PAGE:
Hurricane Irma wiped out the place where Melissa Tur and her twin newborn girls lived in 2017. For three months, they bunked with a local church. Then, with nowhere else to go, the small family was living out of a light blue minivan for another three months.
“The police kept telling us we couldn’t go on like that, we needed to find a place,” said Tur. So they scraped together enough for two months at a place slated for renovation. With the clock ticking, the family of four — Melissa, her twin girls now 2-1/2 Jocelyn and Jennifer, and boyfriend Junior Valerdi — were looking for yet another solution.
“It was really hard,” Melissa said.
That’s when Wesley House Family Services stepped in with the gift of six to nine months of what it calls “transitional housing.” Chief Executive Officer Beth Barrett said the agency uses it to reunite families whose only barrier is affordable housing, or keep families together whodo not have safe housing.
“We give them a chance to get on their feet. They can either save enough money to be able to find a place to rent in the regular market, or have time to connect with the programs they may be eligible for,” Barrett said. “The rent in the transitional house is significantly below market rates.”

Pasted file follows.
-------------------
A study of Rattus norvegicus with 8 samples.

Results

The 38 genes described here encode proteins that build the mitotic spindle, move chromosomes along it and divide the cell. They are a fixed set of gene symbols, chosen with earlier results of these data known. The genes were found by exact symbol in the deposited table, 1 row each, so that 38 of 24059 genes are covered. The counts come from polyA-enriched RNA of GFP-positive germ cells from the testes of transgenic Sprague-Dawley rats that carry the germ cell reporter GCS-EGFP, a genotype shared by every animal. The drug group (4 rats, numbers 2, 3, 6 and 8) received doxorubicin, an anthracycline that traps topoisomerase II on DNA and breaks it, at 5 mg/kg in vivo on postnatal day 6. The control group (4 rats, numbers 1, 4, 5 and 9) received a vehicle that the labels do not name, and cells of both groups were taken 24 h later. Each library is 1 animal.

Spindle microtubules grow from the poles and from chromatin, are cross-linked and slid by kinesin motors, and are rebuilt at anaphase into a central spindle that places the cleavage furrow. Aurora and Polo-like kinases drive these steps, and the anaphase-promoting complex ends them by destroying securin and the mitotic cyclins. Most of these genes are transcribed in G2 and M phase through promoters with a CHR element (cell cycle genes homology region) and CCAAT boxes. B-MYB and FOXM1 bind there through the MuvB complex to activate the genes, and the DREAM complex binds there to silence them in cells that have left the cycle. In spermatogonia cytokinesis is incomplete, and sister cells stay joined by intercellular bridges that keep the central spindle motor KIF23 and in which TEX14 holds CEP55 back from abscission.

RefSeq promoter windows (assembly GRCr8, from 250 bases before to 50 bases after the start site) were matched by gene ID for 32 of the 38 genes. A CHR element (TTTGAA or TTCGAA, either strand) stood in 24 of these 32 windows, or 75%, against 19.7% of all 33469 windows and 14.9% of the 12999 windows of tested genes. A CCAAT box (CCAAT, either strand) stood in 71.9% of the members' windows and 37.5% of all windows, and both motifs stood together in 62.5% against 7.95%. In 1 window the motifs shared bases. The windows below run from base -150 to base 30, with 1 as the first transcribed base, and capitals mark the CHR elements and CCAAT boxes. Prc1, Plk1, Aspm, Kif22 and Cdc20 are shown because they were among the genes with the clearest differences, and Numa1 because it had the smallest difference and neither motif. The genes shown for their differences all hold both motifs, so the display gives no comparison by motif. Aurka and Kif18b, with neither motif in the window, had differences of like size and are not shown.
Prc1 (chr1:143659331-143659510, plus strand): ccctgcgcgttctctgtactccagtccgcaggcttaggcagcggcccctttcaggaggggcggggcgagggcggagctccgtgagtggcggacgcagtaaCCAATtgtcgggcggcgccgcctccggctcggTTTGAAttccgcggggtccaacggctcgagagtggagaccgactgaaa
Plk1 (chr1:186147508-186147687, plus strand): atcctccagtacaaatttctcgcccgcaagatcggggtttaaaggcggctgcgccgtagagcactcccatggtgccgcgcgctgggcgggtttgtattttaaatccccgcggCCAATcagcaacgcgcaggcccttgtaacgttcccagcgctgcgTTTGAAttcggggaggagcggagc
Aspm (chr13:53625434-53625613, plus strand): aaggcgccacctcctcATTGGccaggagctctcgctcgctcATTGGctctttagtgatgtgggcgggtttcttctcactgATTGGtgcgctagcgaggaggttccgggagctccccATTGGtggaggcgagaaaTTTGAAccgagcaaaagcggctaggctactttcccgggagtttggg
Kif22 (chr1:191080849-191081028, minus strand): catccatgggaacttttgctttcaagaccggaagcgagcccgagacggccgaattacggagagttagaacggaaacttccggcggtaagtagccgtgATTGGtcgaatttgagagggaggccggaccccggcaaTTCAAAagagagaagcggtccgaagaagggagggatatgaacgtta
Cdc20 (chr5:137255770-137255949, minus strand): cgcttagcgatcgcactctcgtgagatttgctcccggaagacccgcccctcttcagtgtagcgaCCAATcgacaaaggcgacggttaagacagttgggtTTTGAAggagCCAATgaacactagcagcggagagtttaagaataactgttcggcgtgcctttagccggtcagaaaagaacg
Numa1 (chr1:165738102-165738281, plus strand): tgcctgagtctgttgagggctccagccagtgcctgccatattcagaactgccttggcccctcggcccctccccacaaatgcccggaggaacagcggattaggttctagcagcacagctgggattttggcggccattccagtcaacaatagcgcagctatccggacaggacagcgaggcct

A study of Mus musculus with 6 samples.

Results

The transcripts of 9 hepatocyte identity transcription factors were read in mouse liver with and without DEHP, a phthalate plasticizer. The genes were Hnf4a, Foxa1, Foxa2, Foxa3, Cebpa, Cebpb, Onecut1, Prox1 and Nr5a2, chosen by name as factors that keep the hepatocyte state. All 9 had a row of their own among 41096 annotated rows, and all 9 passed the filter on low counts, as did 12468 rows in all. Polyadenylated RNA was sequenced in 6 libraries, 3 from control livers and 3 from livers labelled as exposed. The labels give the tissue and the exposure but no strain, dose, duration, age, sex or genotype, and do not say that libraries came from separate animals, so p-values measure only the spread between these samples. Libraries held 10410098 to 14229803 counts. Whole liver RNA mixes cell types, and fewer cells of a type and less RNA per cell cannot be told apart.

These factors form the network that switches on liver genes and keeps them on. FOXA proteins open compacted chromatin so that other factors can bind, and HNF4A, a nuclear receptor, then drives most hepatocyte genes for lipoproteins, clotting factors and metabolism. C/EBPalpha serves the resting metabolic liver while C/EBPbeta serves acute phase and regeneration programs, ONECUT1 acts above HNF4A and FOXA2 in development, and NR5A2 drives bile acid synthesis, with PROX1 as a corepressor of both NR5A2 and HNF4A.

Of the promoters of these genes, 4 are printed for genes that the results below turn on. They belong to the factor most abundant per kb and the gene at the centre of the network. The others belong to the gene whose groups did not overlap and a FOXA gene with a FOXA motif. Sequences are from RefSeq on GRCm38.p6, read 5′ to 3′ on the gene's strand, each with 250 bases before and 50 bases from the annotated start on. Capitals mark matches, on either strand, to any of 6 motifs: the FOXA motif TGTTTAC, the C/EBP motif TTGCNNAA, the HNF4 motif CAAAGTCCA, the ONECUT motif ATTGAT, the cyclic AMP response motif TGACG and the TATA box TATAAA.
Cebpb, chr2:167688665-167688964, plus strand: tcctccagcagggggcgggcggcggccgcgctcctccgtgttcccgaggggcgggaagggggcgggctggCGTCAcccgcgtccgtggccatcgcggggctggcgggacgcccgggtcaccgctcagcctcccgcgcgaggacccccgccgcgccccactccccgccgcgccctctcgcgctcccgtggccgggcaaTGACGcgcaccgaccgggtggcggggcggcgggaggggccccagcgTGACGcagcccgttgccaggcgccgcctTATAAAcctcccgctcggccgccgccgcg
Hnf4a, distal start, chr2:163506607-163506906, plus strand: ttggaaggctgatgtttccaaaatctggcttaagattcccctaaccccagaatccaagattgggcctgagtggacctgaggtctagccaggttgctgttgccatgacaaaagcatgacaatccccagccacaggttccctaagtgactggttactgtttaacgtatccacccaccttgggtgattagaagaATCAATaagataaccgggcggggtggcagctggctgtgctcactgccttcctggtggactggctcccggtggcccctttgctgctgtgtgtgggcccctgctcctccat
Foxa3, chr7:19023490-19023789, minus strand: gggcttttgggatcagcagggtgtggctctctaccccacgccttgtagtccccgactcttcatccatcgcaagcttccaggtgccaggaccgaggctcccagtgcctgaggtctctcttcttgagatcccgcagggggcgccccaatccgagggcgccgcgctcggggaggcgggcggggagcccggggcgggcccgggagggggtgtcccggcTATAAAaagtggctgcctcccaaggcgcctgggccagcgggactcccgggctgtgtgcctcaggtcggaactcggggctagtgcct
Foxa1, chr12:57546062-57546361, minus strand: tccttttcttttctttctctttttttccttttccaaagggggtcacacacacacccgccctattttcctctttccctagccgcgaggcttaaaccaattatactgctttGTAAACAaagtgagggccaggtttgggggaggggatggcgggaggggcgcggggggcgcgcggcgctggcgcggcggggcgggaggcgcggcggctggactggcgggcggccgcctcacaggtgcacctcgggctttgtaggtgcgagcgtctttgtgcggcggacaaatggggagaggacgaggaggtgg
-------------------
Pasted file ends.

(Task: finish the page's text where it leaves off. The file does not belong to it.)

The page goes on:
The transitional home in Marathon is brand new, but Wesley House has operated one in Key West for four years.
“The house in Key West is now on its eighth family,” Barrett said. “All of those families are doing fantastic and we hear from them often. The Key West family that is there now will be out by the end of the school year, and another family is already on the wait list. We keep them full.”
The Marathon transitional home was made possible, in part, through a legacy from Bob Leiby of Key West. “Bob was a smart, funny, generous and kind man,” said Wesley House Board Chair Bryan Green. “He would have been delighted by this project.”
Green said the agency has been fortunate to have wonderful supporters from the Marathon area, including Royal Furniture and the Elwell family, and wanted to purchase the second transitional home where it could be used the most, in the Middle Keys.
Indeed, the Marathon house closed on a Monday, and by Wednesday the family was settling into the cheerful house located near 109th Street. The twin girls will have their own room for the first time.
“I don’t know how I feel about that,” said their mother, Melissa. “I am used to having them sleep right next to me.”
Wesley House serves about 400 children and their families every year. The services range from foster care, to keeping kids out of foster care, operating the Inez Martin Child Development Center, and helping expecting and new parents with programming. The agency’s services extend from Key West to the county line.
In addition to the transitional homes, Wesley House operates three foster homes in the Keys — two in Key West and one in Plantation Key.
“We are very focused on keeping families together. Even if the children need to come into foster care, we want them to stay together with their siblings as a sibling group,” Barrett said. “The foster parents move into the homes with the children and, again, receive a significant break on the rent.”
More information about Wesley House and its programs is at www.wesleyhouse.org.